A national mental health programme to bridge gap between schools, colleges and NHS services will be introduced in Cornwall as part of the national roll out in 2019/20. Local implementation of the multi-million pound scheme will be led by Cornwall Partnership NHS Foundation Trust.
Pupils who are struggling with mental health will benefit from more joined up care and support across schools, colleges and specialist NHS services.
The Mental Health Services and Schools and Colleges Link Programme is a national initiative funded by the Department for Education, supported by NHS England and led by the Anna Freud Centre. The programme will be rolled out over four years from September 2019. It will reach every school and college in England over the next four years, identifying children and young people’s needs at an early stage and equipping professionals to support them.
Phil Confue, Chief Executive of Cornwall Partnership NHS Foundation Trust, said: “With half of all lifetime cases of mental health disorders beginning by the age of 14, there is no greater investment we can make from an economic or moral perspective than to promote the physical and mental health of children and young people.
“We are excited to be leading on the local introduction of this national initiative alongside a number of other developments and investments we are making to support the health and wellbeing of young people locally, including the opening of Sowenna – our first adolescent mental health unit, later this year.”
The programme aims to bring mental health and education professionals together so that more children and young people can get help and support when they need. By working together, professions can plan services for the future and help create long-term sustainable support for children and young people.
The Anna Freud Centre’s Chief Executive, Professor Peter Fonagy, commented: “The Link Programme brings together mental health and education professionals to work together to promote mental health and alleviate children and young people’s distress. This way we can identify their needs early and sign post them to the best support.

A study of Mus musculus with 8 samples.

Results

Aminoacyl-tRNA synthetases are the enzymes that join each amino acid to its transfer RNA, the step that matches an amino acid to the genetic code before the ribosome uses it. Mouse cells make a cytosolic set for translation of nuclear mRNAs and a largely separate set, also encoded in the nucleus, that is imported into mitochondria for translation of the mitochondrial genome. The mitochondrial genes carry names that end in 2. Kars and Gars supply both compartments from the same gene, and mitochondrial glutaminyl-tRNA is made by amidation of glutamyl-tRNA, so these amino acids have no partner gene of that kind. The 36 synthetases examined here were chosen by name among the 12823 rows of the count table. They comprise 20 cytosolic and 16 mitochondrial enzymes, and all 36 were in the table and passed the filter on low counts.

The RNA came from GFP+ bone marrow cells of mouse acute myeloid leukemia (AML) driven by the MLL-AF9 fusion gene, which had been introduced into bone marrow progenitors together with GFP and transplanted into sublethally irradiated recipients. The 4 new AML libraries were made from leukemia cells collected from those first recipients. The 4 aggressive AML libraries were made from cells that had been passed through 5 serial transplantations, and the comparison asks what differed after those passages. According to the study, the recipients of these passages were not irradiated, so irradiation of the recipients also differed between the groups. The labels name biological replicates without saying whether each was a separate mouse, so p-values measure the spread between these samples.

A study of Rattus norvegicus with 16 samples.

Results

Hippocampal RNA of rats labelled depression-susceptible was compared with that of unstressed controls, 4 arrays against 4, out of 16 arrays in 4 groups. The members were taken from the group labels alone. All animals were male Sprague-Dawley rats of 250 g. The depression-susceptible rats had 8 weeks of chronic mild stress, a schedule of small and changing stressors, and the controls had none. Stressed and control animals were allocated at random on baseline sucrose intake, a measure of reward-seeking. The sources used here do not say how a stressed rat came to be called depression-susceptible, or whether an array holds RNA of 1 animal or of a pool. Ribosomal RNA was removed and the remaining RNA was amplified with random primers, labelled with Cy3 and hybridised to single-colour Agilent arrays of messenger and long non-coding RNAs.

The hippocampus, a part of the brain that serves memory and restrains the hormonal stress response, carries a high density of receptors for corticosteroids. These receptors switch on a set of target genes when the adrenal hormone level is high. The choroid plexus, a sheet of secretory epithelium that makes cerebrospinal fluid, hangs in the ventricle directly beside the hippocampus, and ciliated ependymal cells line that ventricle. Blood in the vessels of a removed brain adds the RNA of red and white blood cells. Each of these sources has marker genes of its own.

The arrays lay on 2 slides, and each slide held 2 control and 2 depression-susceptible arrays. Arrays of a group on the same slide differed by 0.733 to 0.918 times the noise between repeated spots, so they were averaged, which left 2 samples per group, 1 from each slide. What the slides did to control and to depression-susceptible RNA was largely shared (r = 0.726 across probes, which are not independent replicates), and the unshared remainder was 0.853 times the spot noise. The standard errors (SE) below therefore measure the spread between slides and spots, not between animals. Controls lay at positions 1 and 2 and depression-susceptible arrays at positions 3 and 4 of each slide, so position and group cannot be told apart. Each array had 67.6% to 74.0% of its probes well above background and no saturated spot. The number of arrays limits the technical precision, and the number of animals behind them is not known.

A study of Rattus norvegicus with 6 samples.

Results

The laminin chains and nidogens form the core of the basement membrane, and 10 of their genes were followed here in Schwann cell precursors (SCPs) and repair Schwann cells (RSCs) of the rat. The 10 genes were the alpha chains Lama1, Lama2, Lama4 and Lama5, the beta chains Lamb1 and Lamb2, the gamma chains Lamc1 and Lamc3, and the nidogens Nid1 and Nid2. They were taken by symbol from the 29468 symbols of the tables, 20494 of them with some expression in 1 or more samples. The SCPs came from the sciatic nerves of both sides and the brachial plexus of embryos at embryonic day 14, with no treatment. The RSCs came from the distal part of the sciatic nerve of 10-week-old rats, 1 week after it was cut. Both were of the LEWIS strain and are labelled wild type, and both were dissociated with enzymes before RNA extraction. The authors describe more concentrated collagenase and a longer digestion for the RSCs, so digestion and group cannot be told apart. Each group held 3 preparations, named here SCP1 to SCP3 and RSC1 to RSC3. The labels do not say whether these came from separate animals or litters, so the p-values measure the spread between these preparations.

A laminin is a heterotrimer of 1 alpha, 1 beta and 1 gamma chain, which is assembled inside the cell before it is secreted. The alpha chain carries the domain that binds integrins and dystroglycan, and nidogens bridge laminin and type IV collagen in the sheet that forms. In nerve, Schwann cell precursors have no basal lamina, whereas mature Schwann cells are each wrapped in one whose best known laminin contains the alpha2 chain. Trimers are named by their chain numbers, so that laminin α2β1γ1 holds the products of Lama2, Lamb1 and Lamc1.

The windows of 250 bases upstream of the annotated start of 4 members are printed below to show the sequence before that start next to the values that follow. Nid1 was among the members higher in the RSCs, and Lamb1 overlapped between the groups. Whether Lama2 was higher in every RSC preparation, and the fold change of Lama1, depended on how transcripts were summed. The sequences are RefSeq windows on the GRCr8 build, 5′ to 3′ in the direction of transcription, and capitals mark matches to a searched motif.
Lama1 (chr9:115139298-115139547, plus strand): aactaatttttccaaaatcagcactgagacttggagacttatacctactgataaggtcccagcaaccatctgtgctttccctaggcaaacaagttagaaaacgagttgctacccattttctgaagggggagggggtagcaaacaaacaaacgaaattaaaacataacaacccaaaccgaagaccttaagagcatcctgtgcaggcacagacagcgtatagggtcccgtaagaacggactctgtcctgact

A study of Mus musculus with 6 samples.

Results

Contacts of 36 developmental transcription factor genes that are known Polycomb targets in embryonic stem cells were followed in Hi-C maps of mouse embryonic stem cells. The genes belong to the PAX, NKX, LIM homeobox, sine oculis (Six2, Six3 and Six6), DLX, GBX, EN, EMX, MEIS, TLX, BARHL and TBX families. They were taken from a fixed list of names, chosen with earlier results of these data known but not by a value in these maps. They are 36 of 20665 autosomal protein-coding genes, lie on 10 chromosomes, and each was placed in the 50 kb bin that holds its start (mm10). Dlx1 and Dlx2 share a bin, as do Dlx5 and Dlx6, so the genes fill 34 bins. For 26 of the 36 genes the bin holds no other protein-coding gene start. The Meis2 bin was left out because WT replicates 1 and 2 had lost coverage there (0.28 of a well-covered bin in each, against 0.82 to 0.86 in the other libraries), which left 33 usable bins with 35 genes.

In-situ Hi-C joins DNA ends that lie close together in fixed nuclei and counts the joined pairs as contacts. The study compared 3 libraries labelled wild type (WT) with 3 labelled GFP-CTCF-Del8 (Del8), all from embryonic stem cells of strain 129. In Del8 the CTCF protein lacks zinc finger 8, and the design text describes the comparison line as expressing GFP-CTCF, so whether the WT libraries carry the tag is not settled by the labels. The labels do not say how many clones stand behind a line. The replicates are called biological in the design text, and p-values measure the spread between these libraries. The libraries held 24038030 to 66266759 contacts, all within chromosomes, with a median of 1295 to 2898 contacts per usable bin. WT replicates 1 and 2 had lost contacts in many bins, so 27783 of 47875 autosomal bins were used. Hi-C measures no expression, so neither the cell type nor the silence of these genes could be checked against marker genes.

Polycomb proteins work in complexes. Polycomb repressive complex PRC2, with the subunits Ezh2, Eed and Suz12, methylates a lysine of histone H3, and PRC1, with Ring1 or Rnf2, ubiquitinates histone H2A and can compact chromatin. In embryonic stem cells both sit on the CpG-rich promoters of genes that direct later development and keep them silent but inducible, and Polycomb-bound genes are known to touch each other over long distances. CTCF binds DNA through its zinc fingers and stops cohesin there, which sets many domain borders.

“This is a transformative programme and one which we at the Anna Freud Centre are proud to lead. It’s an indication of the groundswell of support that it is funded by the Department for Education, supported by NHS England and 13 partners from local authorities, health providers and the charity sector.”
The announcements build on the Government’s wider investment in children’s mental health and wellbeing in schools and colleges, including compulsory health education lessons from 2020, to ensure every young person is given the tools to thrive despite the challenges they may face growing up.
Notes to editors:
The Link Programme was developed in response to recommendations in Future in Mind. In 2015/16 the Anna Freud Centre was commissioned to run a pilot of the Link Programme by the Department for Education and NHS England. This pilot ran successfully in 255 schools and Children and Young People’s Mental Health Services across 27 CCGs in England.
An independent evaluation found that the pilot ‘had considerable success in strengthening communication and joint working arrangements between schools and NHS Children and Young People’s Mental Health Services’. It recommended further testing and a second phase was launched in which the programme was scaled up. This phase included sixth form and vocational colleges for the first time. Phase 2 ran from 2017-2019 and was delivered to 1,100 schools/colleges and 1,020 mental health professionals across 23 CCGs and Local Authorities (LAs).